The Korean Methodist Creed

In discussing Methodist theology with my wife, we were talking about the nature of the Godhead and how the Methodists (more specifically, the United Methodists) might view non-Trinitarians. This subject came up because we were discussing the theological diversity found in the Methodist church, especially since I have ran into a self-pronounced Oneness-Methodist.

Beyond that, though, is the various Methodist creeds, namely that of the Korean Methodist,

We believe in the one God,

creator and sustainer of all things, Father of all nations,
the source of all goodness and beauty, all truth and love.

We believe in Jesus Christ,

God manifest in the flesh,
our teacher, example, and Redeemer, the Savior of the world.

We believe in the Holy Spirit,

God present with us for guidance, for comfort, and for strength.

We believe in the forgiveness of sins,

in the life of love and prayer,
and in grace equal to every need.

We believe in the Word of God

contained in the Old and New Testaments
as the sufficient rule both of faith and of practice.

We believe in the church,

those who are united in the living Lord
for the purpose of worship and service.

We believe in the reign of God

as the divine will realized in human society,
and in the family of God,
where we are all brothers and sisters.

We believe in the final triumph of righteousness

and in the life everlasting.


You can find a listing of those creeds here.


  1. I'm a united methodist (of the nontheistic variety) and I don't mind non-trinitarians. But I believe officially that our denomination does not want anything to do with them. For instance, they do not consider heretical denominations like the mormons as Christian. I'm sure they feel the same way with those that deny the trinity.

  2. I'm not too sure, as I know a few UMC congregations which have reached out to Oneness-Pentecostals for help in pastoring. There is a difference between Mormons and UPC'ers, however.

  3. Joel, there are many UMC pastors who are process theologians. They get by pretending to be “orthodox” like many folks in the mainline. The UMC on paper is orthodox, but has a diversity of theological systems, from evangelical to liberal, and everything in between

  4. I'm thinking more about the “official” policy of the UMC powers-that-be. I've seen/met/read my fair share of unorthodox methodist pastors, including process theologians and universalists. But not unitarians/non-trinitarians. They may reach out to oneness pentecostals, but perhaps they want to bring them back to the trinitarian fold? They do share a common history of pietism / holiness and arminianism.

  5. I don't know if allowing a UPCer to pastor a UMC congregation is reaching out to them, Q. But, you are correct, you can trace most pentecostals, at least in the States, back to the Wesleys.

    Methodism does contain a large swath of theological viewpoints, and perhaps, sometimes, that is a good thing.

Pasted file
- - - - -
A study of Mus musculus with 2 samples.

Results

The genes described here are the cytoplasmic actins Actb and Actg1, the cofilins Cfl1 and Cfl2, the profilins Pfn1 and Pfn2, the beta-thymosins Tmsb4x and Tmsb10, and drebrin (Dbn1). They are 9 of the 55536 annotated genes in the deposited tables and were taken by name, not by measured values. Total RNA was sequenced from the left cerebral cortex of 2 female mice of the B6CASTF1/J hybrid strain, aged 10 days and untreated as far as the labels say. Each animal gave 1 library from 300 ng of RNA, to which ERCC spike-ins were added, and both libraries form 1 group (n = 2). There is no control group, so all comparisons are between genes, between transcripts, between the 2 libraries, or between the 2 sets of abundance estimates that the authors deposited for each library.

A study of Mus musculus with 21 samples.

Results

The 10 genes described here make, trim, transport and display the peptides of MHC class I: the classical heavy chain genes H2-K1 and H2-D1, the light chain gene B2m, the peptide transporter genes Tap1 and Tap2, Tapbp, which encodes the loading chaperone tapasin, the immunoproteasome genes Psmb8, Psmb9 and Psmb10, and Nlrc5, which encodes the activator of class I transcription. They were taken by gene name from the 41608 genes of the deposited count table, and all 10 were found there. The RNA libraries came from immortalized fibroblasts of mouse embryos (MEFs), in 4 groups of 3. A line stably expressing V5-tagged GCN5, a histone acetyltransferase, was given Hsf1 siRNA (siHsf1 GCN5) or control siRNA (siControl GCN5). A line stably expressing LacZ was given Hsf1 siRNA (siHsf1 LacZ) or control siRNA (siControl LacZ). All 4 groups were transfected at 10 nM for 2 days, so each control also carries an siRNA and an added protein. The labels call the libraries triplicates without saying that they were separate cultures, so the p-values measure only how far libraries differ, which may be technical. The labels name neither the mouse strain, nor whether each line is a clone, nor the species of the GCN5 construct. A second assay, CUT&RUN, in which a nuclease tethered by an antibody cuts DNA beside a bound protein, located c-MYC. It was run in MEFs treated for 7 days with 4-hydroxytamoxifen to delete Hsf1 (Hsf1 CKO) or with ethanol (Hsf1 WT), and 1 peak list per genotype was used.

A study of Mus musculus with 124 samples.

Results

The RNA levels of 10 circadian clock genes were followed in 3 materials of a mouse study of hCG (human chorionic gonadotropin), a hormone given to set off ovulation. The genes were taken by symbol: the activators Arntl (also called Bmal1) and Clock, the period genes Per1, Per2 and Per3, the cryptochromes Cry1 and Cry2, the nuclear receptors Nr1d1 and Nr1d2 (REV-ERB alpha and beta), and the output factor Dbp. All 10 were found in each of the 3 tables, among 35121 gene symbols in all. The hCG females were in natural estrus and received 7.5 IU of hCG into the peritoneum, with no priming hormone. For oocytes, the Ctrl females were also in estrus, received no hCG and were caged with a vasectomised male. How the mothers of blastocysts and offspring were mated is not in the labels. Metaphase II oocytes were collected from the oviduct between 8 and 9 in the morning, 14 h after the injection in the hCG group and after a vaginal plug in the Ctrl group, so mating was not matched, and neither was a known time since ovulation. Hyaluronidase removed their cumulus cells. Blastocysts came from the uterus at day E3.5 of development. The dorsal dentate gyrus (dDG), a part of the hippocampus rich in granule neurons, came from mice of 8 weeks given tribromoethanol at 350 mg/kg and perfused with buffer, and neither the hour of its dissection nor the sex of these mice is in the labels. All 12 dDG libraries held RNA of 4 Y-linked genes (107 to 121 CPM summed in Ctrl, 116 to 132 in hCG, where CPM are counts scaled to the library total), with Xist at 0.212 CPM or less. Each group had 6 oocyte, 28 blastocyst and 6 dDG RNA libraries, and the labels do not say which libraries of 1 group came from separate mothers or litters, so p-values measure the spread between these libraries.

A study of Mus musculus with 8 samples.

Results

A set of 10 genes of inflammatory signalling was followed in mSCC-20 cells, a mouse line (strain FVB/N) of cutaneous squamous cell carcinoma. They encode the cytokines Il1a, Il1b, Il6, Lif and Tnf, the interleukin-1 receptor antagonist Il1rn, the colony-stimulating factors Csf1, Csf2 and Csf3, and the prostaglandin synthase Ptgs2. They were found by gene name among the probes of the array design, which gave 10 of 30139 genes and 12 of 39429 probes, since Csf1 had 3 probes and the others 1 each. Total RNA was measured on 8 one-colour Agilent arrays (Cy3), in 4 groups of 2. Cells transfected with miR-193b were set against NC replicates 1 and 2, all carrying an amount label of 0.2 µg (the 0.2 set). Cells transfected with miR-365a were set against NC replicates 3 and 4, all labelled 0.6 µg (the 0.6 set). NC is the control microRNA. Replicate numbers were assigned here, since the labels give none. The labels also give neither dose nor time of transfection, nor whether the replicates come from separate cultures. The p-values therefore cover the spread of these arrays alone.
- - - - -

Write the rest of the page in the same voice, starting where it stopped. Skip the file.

6. Simply John and Charles were Trinitarian, both Churchman and Evangelical orthodox, though Anglican therein, i.e. Arminian evangelical. Anything else is simply not really “Methodist” in the Wesleyan tradition.

  7. No Joel,

    That's the way of the history and mainstream of the Methodist Church. They still have some conservatives, even the American Thomas Oden. You might want to check him out, he is a vary gracious man of God! Let the Methodist's teach you first, before you tell them and us what they believe.

  8. And one thing is certain about any visible Church, you have to show up.. put your feet down, and listen. It's not like blogdom!

  9. I know its hard for you to be “reproofed” and given “correction”. But that is a pastoral responsibility..2 Tim. 3:16. God could give a blast about blogdom oftentimes!

  10. Last time I checked, you weren't my pastor, and you had a difficult time at best determining how a blog conversation was carried out. At no time did I attempt to instruct anyone on what the UMC as a whole believed, only attempt a discussion on the broadness of theological thought which I have found to exist within Methodist communion. You may, if you are so inclined, reread the post.

  11. Joel,

    I really wrote in a manner to show that “you” are hardly in a position of being “churched”! Your blog mentality shows this sadly, so who's really the arrogant one? You are what 32? I am 61 this Oct. I am your “elder” at least by years, but one whould never know it!

  12. “Fr.” Robert, I would imagine that one judgment day, you will be instructing Christ on your own understanding of Him. Maybe He will listen to you and be converted.

  13. Sadly, this.. your post here again shows, and perhaps “proves” my point? I am not much surely, but I am “alone” before Christ! (1 Cor. 4: 3-4) I have not really sought to judge you, as to somewhat “reproof” you…as St. Paul says “for correction, and training in righteousness.” (2 Tim. 3:16) But you will have none of it! And believe me, I have had my tail-feathers burnt many times by my “elders”, whom for the most part are before the Lord! When I get there before you, remember my words perhaps? I speak in the weakness of the pastoral sense, and bare my heart to you! (Even on this open blog!)

  14. I seem to be a tad late in the discussion. As a 1time DS who has witnessed an interesting variety of United Methodists, I need to say that my experience is that we are more Methodist than United. One of the great joys of our denomination is the “sea to shining sea” variety of folks one might find in worship any given Sunday.
    I truly enjoyed the discussion – except for the defensive nature of Poly’s statements when faced with a comment that does not line up with his own. Please please embrace with grace the people who comment even if you are on the opposite side of their perspective.